Environmentality: An alternative to disposable to-go containers in dining halls

The Ozzi, a vending machine that dispenses reusable to-go containers, shows promise in minimizing waste

While food waste in dining halls have garnered much attention on campus, a different kind of waste begs addressing as well: the waste of to-go containers. As we wait on long lines for food pretty much everywhere on campus, we’re most likely thinking about our meals, not the containers we put them in. However, the current containers in dining halls are contributing to a huge waste problem that we need to consider in order to make this campus more sustainable.

Places like the Pub and Kissam don’t offer anything other than disposable containers, and Rand boasts the title of using the most disposable containers of any dining hall on campus. Rand and the Pub annually use a total of 1,813,500 disposable containers and plasticware, while Kissam comes in second with 609,675. The to-go containers create a large amount of waste that could be completely eliminated with the help of the Ozzi.

The Ozzi is a vending machine that dispenses reusable to-go containers. A student scans their card and is given a to-go container that they are able to return at their convenience. Staff will then wash, sterilize and reuse. Each student is given on Ozzi credit or “token.” With one credit, they can receive a to-go container, and, once they return the container, they are given their credit back in exchange.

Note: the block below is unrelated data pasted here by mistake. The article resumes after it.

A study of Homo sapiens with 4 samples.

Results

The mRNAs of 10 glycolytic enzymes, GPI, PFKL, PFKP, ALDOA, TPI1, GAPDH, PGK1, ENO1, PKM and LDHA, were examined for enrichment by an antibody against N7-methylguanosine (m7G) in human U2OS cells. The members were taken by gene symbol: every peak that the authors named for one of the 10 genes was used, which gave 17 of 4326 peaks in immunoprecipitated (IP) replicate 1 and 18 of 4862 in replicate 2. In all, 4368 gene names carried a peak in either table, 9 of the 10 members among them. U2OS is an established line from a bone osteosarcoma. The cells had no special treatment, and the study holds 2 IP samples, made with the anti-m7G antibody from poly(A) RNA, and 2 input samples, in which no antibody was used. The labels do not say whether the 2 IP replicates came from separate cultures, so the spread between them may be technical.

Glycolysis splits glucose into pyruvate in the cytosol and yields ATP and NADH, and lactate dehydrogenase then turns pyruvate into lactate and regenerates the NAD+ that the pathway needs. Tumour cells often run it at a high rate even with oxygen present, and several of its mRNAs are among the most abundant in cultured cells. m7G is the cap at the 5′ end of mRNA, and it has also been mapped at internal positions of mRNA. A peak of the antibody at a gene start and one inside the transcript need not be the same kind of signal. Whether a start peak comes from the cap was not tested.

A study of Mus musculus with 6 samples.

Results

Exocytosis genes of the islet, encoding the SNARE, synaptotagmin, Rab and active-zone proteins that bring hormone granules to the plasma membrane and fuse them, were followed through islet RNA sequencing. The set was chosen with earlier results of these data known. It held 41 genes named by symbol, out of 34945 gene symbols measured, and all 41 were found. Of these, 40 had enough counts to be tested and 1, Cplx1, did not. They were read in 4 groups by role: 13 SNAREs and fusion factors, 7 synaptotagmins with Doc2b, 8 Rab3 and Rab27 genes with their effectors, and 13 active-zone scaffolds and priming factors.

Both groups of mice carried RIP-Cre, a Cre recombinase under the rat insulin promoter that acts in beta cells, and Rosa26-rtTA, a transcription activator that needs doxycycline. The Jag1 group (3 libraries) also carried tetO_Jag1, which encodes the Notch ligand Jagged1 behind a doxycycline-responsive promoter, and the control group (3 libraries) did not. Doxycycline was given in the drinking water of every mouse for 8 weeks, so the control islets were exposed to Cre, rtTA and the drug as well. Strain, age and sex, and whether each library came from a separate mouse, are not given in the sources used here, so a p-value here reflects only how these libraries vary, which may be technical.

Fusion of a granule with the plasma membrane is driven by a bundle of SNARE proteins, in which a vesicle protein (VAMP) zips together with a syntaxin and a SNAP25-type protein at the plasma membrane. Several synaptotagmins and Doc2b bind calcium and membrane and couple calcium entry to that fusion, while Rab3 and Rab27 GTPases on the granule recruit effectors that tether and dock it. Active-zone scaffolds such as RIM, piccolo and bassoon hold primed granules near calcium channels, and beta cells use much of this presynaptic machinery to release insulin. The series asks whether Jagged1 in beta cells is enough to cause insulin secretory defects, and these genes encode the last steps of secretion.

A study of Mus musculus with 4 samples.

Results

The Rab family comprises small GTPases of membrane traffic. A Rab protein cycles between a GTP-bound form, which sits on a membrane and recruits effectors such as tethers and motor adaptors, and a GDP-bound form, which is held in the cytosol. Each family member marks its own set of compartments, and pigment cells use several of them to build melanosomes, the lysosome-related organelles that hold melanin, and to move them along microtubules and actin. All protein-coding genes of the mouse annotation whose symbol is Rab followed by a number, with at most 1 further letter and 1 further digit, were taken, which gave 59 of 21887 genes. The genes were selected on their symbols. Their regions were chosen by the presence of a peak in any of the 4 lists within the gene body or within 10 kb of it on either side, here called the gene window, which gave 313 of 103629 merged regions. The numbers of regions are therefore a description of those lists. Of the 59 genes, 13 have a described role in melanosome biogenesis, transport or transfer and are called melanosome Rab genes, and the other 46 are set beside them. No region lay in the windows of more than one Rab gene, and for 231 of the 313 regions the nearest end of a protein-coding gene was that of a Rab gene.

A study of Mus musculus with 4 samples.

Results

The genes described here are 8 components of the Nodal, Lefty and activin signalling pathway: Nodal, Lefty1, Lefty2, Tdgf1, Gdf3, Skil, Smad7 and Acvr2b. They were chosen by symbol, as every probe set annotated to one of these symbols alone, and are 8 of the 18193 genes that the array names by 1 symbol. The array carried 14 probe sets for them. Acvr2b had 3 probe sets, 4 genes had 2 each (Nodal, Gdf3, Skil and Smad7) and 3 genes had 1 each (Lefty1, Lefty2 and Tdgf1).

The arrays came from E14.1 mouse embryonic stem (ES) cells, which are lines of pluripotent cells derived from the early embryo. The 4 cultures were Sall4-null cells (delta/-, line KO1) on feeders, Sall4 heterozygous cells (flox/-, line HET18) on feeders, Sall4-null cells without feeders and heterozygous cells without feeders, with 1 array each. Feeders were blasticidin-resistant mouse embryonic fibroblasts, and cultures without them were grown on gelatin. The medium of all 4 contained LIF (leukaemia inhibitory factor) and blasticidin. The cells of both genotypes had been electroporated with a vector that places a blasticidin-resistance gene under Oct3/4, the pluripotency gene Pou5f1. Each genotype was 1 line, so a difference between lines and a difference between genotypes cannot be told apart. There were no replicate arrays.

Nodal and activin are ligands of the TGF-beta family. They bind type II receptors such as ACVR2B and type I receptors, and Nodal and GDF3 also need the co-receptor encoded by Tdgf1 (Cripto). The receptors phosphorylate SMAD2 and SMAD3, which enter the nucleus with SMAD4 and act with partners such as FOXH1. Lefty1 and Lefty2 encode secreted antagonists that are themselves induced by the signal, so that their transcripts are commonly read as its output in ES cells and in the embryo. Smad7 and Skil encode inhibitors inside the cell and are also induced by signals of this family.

The Vanderbilt Green Fund offers $150,000 to implement student ideas regarding sustainability. This money could be used to implement machines in both Kissam and Rand for the price of $34,370. Although this sounds expensive, projected payback for Kissam would be 13 months, while for Rand, it would be a rapid three to four months. There would also be an additional cost of $19,500 for hiring extra staff for washing these containers. However, the return on this investment financially is equally impressive in addition to creating jobs.

Implementing the Ozzi would garner a net annual saving of $170,500. Also, it would eliminate the use of 2,423,175 disposable containers and plasticware each year, reducing Vanderbilt’s waste a great deal. A proposal has been made to Vanderbilt Green Fund, potentially making Ozzi a vital part of the Vanderbilt experience next year.